Gatineau for (a Truly Active) Life
Yet there’s quite a bit more that can be done. Unfortunately, many recent residential projects have missed clear opportunities to encourage active living. One of the single best ways to promote being active is to make it possible for people to live without being reliant on a car. Yet many newer developments in northern Aylmer and the Plateau require residents to drive for even the smallest things, like buying a loaf of bread or going to the local park.
Urban planning with a true eye to active living includes commercial zoning in all residential projects. These don’t have to be large malls. A simple convenience store is enough to encourage residents to walk to pick up some of their smaller purchases. Of course, in addition to having stores within walking distance, residents also require adequate sidewalks to persuade them to leave their cars at home. And those sidewalks should be designed so that walking along them is enjoyable. Allumettières west of Wilfred Lavigne is a good example of how not to do this – repeatedly coming to busy intersections where the pedestrian lights take ages to change, giving those on foot the impression that they matter far less than those driving cars.
As we construct newer neighbourhoods, we should instead focus on building quieter streets that won’t become transit hubs for people from elsewhere to drive through to get to a highway. Well-marked crosswalks instead of traffic lights give those on foot the sense that they have priority, making it more likely that people will leave their cars at home when running errands around the neighbourhood.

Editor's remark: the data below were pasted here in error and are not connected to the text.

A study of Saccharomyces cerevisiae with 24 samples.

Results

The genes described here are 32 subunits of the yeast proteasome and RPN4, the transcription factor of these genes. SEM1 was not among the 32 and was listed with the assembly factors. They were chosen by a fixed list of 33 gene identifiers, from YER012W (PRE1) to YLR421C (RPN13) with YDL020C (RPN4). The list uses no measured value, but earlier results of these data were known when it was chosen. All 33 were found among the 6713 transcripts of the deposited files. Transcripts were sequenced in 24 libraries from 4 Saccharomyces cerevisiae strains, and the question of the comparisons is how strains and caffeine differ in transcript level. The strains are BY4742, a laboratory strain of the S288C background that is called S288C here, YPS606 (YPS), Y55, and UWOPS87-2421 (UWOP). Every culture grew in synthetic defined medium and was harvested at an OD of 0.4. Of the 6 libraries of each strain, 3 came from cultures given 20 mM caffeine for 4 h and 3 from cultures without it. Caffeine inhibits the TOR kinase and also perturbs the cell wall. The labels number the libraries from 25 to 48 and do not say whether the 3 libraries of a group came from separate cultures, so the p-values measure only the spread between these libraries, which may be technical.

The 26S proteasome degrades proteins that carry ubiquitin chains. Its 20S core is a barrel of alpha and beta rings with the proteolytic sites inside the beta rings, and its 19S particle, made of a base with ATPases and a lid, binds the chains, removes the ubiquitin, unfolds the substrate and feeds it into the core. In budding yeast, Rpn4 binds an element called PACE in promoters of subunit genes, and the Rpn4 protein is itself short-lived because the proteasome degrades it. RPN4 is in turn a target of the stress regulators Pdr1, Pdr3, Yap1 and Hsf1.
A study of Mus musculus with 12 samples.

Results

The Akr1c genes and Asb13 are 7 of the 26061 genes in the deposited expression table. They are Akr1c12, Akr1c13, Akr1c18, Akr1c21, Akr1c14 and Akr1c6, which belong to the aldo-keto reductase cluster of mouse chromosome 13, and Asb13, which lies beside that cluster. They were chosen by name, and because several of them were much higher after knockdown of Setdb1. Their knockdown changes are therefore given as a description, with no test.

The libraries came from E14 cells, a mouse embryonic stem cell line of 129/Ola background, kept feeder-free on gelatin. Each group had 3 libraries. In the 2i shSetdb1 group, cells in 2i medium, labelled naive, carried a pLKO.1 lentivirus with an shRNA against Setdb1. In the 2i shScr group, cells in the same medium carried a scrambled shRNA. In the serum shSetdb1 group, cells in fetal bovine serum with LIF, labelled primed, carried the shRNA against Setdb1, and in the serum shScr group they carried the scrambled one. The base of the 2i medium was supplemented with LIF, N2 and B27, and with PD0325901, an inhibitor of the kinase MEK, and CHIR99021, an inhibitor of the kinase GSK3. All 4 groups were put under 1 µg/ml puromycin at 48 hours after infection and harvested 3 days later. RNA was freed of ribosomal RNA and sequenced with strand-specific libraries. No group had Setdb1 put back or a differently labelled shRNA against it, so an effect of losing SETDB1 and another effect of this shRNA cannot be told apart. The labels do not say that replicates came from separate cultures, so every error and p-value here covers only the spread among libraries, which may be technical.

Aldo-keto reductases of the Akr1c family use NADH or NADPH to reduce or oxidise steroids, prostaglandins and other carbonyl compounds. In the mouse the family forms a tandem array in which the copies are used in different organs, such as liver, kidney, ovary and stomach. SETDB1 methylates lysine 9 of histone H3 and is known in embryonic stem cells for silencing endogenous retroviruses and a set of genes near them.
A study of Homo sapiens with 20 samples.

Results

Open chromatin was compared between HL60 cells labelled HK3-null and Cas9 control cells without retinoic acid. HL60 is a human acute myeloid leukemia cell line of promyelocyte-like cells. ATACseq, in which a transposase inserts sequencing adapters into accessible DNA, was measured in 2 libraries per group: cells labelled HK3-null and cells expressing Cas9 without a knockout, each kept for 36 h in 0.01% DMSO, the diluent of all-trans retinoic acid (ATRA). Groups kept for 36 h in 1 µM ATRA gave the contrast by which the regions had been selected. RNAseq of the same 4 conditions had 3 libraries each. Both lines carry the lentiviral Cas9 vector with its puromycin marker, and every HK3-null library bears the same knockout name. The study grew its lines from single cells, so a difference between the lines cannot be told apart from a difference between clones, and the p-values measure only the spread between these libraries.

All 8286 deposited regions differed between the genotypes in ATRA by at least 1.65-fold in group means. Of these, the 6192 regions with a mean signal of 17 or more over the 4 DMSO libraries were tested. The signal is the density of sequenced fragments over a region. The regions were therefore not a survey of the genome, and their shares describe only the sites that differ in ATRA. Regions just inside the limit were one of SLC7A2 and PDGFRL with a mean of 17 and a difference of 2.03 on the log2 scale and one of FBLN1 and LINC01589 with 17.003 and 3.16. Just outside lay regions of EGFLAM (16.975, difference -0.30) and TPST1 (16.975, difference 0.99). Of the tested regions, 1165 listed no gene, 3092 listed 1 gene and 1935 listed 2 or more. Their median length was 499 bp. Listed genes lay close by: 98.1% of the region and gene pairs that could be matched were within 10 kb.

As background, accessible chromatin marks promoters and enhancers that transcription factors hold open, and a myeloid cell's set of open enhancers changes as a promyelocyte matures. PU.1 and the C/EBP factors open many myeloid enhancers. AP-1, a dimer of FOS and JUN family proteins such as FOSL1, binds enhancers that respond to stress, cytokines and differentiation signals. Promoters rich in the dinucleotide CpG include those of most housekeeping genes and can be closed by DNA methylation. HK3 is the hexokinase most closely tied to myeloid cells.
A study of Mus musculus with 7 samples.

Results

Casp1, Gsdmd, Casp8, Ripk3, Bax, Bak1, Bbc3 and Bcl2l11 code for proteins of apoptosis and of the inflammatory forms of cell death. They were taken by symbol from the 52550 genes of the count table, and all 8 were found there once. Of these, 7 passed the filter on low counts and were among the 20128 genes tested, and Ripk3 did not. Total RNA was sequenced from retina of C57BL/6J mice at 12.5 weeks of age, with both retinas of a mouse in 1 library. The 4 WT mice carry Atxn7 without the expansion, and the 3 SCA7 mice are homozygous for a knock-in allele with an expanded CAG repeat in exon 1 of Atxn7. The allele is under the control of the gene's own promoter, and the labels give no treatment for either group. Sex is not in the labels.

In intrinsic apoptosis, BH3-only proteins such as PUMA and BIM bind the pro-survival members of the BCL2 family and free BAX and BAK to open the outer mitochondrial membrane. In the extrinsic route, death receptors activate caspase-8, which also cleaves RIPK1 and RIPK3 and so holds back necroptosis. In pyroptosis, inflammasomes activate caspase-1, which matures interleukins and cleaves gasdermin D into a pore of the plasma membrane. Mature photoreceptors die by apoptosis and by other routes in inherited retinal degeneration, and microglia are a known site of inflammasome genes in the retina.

Another important factor is public transit. Anyone who lives along roads like Chemin Aylmer, Wilfred Lavigne or Eardley has a reliable alternative to driving longer distances. There isn’t really anywhere else around Aylmer that can say the same.
With its wealth of parks and bike lanes, it’s surprising that a neighbourhood like the Plateau doesn’t have better sidewalk infrastructure, proximity to smaller markets or access to public transit. Yet it’s certainly not too late. Future condominium projects throughout Gatineau should be required to include a small supermarket on the ground floor of one of the buildings. And sidewalks can still be added to many streets where they are currently lacking. While we’re waiting for STO’s fortunes to rebound, the city could start planning ways to provide neighbourhoods north of Allumettières with better public transit. The tramway project presents a perfect opportunity to revamp routes throughout western Gatineau to provide more equitable service beyond Chemin Aylmer, an artery that is already very well served.